If I can no longer afford another adjustment on my ARM, can I renegotiate my current mortgage interest rate with my lender ?
I don't think that it will be easy to renegotiate your interest rate. The federal government is trying to get lenders to come up with a plan to do exactly what you ask. But for most lenders, the loans have been bundled up with many other loans, so it is difficult to figure out who to go after and how exactly to help out the borrowers.
Although, I agree that it is in the lender's best interest to hold onto a good loan at a reasonable rate, rather than risk the loan to foreclosure.
Good news, there is a brand new program available now that is backed by the federal government and is designed to help the borrowers who have a good payment history in the past, but now that the rates have started adjusting, can no longer afford the payments.
For example, let's say that you have a 2 year arm loan with a perfect payment history when the rate was 6% for the 2 years. But now the rate has jumped to 9% and you can no longer afford the higher payments. The program will allow you to refinance to a reasonable 30 year fixed rate loan, if you can document your income to show that you can afford the new payments with an interest rate of let's say 6.5% to 7%.
This is a good question and will depend entirely on your lender and your scenario.
As the the housing industry rapidly deflates, and the lending industry becomes increasingly restrictive, lenders are slowly realizing that this sort of negotiation may be in the best interest of the investors that funded their loans. This is the first thing to understand. Loans are securities that are supposed to perform a certain way when traded on the financial markets. It is up to the companies that "securitized" or "turned the loans into saleable securities" to fetch the highest return on investment for the investors that have purchased these " mortgage backed securities" or MBS's
This concept is, was, and always will be of utmost importance to your lender when it comes to mortgages that are securitized (which is most of them). If you hear someone say, "the country is in trouble and lenders are finally starting to help by offering these modifications," I'm sorry, but they really don't care about you as much as they care about their investors. Their mission is to maximize stable profitibility for their investors, end of story, period.
So no government urging, or special guideline creation, etc..., will make the lenders do anything they wouldn't do already. Unless the government flat out FORCES lenders to renegotiate terms with struggling borrowers, they will always continue to act in their financial best interest. That said, lenders are starting to realize it may be in their financial best interest to negotiate work-arounds like this.
It all comes down to determining what's going to cost them less money and acting accordingly. For example, if you can blatantly convince your lender that if they don't modify your rate and payment that you WILL end up foreclosing or filing bankruptcy, their impetus to work with you will be high. In fact, if you have indeed "convinced" them, the only thing standing in your way could be a company policy that prohibits the modification for your situation.
The unfortunate part of convincing a lender of this is the statistical probability of the following. You are much much much more likely to default, foreclose, or file bankruptcy if you have been and currently are severely late on your payments. It's a statistical fact that ON AVERAGE, lenders will collect more money from people who have not paid late yet. As such, there is little, if any evidence you can provide that will convince them to negotiate with you until you are late (although it is possible).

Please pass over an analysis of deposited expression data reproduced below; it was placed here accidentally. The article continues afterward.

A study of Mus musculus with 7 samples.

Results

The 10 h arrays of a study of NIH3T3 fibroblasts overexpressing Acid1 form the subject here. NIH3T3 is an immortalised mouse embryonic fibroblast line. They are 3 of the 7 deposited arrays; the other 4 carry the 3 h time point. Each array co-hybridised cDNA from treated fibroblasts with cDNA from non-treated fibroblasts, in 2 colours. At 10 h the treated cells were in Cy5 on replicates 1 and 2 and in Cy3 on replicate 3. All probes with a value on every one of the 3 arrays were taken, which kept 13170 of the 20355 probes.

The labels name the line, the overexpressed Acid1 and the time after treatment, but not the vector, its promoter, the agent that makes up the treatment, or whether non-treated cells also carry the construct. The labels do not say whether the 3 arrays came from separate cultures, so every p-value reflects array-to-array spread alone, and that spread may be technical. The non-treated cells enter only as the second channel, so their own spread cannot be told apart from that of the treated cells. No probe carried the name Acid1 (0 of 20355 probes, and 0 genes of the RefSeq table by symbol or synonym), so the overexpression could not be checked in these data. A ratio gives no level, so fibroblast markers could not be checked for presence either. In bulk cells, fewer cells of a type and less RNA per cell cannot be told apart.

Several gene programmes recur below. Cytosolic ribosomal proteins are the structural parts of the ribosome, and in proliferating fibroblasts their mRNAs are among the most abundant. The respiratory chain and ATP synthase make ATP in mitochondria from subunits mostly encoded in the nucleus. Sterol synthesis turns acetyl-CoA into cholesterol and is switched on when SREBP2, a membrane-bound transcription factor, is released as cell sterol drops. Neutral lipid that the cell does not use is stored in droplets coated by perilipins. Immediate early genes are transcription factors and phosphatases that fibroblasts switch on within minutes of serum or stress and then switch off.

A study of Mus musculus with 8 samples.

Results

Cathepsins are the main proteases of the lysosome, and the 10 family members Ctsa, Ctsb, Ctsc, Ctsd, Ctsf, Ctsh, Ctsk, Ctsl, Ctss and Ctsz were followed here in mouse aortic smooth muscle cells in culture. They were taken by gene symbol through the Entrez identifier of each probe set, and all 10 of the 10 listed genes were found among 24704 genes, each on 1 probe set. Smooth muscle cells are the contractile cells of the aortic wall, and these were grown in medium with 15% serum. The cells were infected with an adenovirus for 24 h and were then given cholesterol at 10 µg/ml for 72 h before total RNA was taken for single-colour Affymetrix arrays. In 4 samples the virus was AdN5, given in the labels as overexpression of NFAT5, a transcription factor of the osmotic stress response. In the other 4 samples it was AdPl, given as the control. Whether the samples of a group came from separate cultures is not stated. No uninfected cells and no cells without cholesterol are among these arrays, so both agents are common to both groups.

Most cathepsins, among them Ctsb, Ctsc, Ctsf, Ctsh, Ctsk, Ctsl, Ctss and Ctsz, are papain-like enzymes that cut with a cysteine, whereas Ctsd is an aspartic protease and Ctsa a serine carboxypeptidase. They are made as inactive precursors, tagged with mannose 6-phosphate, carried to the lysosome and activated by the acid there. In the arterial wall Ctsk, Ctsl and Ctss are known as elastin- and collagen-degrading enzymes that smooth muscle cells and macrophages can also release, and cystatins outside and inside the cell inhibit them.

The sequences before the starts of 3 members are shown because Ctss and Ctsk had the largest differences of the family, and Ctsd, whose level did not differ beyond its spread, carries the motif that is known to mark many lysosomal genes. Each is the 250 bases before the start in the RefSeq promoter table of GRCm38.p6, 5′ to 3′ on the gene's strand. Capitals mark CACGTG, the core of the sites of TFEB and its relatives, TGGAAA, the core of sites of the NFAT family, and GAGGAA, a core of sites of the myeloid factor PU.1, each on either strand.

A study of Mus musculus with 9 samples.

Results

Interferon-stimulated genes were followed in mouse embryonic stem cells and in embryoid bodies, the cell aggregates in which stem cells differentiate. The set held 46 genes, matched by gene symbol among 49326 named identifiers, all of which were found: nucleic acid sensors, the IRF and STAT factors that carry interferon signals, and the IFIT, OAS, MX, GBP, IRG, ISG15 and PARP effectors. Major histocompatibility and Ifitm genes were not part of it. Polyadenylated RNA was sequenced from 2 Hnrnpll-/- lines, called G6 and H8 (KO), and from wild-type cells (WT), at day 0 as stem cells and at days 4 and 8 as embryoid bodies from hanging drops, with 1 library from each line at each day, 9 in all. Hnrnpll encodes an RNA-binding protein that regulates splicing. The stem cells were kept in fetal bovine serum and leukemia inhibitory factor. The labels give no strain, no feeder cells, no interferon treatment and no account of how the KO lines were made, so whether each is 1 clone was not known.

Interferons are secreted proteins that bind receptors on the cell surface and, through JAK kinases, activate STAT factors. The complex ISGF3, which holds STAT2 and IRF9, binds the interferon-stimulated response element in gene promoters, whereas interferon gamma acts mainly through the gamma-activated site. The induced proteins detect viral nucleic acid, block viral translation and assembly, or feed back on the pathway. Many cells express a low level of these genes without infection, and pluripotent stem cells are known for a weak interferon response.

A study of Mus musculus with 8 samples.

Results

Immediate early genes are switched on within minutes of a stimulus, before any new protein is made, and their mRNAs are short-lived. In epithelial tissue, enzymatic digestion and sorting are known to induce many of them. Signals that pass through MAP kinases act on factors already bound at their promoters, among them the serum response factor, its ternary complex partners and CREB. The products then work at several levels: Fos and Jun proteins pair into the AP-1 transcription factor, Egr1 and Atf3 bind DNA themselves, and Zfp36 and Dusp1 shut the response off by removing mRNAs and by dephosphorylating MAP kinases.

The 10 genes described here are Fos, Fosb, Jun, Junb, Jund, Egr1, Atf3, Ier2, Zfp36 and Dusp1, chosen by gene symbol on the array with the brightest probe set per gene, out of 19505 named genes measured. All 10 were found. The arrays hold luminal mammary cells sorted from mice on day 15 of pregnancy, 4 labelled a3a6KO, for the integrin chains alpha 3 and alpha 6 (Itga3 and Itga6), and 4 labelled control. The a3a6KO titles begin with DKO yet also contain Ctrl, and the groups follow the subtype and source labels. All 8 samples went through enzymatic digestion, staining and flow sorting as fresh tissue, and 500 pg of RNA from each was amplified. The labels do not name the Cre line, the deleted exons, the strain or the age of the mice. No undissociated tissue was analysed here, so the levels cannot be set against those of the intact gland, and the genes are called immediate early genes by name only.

The question is: what is the best way to present this case to the lender? What might come as a surprise to some is that you should be blatantly honest with your lender. If you cannot afford your payment increases, call them and let them know why. What would the payment have to go down to for you to feel like staying in your house? Ask them to set the payment at this level. Tell them, honestly, that if the payment is at a certain level or above, that you'd rather sell, short sell, foreclose, or file bankruptcy than keep paying it.
They will likely have procedures in place to handle your inquiry. Whatever the case, you increase your chances of success by knowing the details of your scenario and by being able to provide them in a concise, yet thorough manner verbally and in writing. If you are facing a bona fide financial emergency that prevents you from making the payments, you should be able to document it.
Again, they will do whatever they believe will get them the most money possible. If they think that lowering your payment and keeping you on board will get them more money over time than foreclosing on you and selling the house, that is when you are likely to be able to have your loan modified. It's all business to them, even though it can be very personal to you. Convince them in no unspecific terms that renegotiating your payment in the best business decision they can make.
So yes, you can renegotiate your adjusting payment, and it is becoming more and more common. It depends on the factors discussed above in addition to the internal policies of your lender. Finally, keep it civil. The people you will be talking to are used to dealing with clients that lose their temper and are overly emotional. Approach them with respect and in a calm, friendly, businesslike manner. The human element is the last variable. If you can appeal on a personality level to them, your attempts to appeal to their superiors on a logical level may be heard just that much louder.
This is a challenging time for many homeowners right now. I wish you well and offer my solidarity. A good primer on Short Sales that includes even more education on related topics can be found here.